US Poker

  • Regulation is currently under discussion
  • Regulation has been discussed but no recent movement
  • Online poker is not likely anytime soon

Choose a state to find out more about state legislation.

North Dakota

(Estimated population as of 2013 — 723,393)

Way back in 2005, North Dakota representative James Kasper introduced HCR 3035, which would allow online poker operators to be licensed in the United States for the first time and allow them to set up servers in the states that could be offered to outlets around the world. It was a bill way ahead of its time, and it’s not surprising that the State Senate shot it down by a vote of 43-3. Still, kudos to some in the state being forward thinkers.

Unfortunately, for the next seven years it remained quiet on the northern front in regards to iGaming. Then, in 2011, the Department of Justice reversed their stance on the Wire Act, which inspired many states to explore Internet options.

North Dakota hasn’t revisited online poker, but they were one of the states to consider offering the lottery via the Internet. The fact they’re considering one avenue of iGaming is a good sign, but really it doesn’t amount to much.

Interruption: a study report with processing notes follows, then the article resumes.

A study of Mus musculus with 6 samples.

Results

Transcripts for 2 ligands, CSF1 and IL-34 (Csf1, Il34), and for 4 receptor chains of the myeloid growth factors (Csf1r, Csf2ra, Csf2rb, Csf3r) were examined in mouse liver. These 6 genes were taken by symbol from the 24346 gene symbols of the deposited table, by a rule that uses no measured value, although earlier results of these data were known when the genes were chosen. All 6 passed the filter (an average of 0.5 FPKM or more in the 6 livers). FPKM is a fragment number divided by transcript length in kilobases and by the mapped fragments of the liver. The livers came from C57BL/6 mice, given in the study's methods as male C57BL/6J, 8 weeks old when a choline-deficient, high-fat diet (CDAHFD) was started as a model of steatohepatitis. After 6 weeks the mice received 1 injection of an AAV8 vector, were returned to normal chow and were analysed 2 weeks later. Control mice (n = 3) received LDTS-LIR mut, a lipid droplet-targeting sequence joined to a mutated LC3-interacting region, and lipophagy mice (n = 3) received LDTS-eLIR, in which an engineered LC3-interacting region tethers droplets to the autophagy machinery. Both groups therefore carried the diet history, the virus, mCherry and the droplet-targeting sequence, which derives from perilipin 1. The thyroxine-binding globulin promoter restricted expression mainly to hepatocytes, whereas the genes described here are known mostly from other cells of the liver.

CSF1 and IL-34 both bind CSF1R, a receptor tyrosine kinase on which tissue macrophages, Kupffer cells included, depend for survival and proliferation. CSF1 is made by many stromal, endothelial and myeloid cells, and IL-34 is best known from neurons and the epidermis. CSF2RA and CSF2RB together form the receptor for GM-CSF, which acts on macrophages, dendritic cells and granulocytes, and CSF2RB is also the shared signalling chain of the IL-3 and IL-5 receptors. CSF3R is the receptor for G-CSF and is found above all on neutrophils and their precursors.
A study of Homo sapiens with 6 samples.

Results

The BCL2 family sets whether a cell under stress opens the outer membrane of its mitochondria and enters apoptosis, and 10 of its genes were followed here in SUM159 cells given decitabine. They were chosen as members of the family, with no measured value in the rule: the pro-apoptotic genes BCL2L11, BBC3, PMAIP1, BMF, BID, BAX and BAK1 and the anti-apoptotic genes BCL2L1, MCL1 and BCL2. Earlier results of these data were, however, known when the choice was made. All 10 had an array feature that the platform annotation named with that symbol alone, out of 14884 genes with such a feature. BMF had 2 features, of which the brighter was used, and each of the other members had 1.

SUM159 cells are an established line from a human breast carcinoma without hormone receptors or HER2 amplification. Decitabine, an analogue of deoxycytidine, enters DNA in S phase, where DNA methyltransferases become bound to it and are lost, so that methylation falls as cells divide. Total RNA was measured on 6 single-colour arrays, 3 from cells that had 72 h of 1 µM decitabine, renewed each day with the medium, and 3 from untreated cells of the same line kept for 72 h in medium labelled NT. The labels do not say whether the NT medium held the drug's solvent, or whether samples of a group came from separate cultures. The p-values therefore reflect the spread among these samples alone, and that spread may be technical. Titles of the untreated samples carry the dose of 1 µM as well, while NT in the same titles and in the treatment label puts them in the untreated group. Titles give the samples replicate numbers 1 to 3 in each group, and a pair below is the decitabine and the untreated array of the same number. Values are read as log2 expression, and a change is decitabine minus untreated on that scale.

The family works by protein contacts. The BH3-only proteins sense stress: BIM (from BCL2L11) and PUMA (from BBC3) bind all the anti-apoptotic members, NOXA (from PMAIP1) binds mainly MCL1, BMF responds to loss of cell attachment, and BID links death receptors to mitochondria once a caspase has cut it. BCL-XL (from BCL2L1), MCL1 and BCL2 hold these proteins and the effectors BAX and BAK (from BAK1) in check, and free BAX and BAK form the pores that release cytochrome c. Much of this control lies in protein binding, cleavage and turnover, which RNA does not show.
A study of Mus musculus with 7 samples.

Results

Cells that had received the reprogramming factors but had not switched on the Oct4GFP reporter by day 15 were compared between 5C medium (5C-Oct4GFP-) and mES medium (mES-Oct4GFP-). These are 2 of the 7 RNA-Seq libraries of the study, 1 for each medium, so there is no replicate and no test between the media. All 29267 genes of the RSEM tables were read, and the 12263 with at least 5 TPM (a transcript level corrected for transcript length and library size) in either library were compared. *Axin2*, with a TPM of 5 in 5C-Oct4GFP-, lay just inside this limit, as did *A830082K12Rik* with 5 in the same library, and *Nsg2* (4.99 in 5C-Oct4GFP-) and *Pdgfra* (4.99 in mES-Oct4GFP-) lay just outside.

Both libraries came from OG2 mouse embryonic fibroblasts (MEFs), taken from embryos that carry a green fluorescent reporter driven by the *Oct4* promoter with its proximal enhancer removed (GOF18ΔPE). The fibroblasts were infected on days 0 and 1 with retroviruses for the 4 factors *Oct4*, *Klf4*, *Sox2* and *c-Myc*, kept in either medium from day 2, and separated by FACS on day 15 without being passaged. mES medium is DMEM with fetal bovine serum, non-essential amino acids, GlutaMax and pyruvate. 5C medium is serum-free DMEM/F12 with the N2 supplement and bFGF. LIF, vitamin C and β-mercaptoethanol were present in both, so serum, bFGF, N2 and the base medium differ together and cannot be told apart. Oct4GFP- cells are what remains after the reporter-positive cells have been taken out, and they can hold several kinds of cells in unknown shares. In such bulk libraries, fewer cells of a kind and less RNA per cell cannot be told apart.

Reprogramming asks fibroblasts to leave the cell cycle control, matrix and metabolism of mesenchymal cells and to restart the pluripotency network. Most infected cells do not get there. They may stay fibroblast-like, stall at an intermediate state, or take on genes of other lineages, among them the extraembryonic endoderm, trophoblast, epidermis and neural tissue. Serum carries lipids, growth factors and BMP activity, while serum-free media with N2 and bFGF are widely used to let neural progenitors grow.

Right now iGaming is illegal in North Dakota. As Attorney General Wayne Stenehjem says on his FAQ page: “Online gambling is prohibited under the state's Constitution, regardless of the amount wagered. In North Dakota, gambling may be conducted only by licensed non-profit organizations, Tribal casinos or through a state run lottery.”

If iGaming is to come to North Dakota it will either be at the behest of the tribes or by the state changing the constitution. Both are highly unlikely.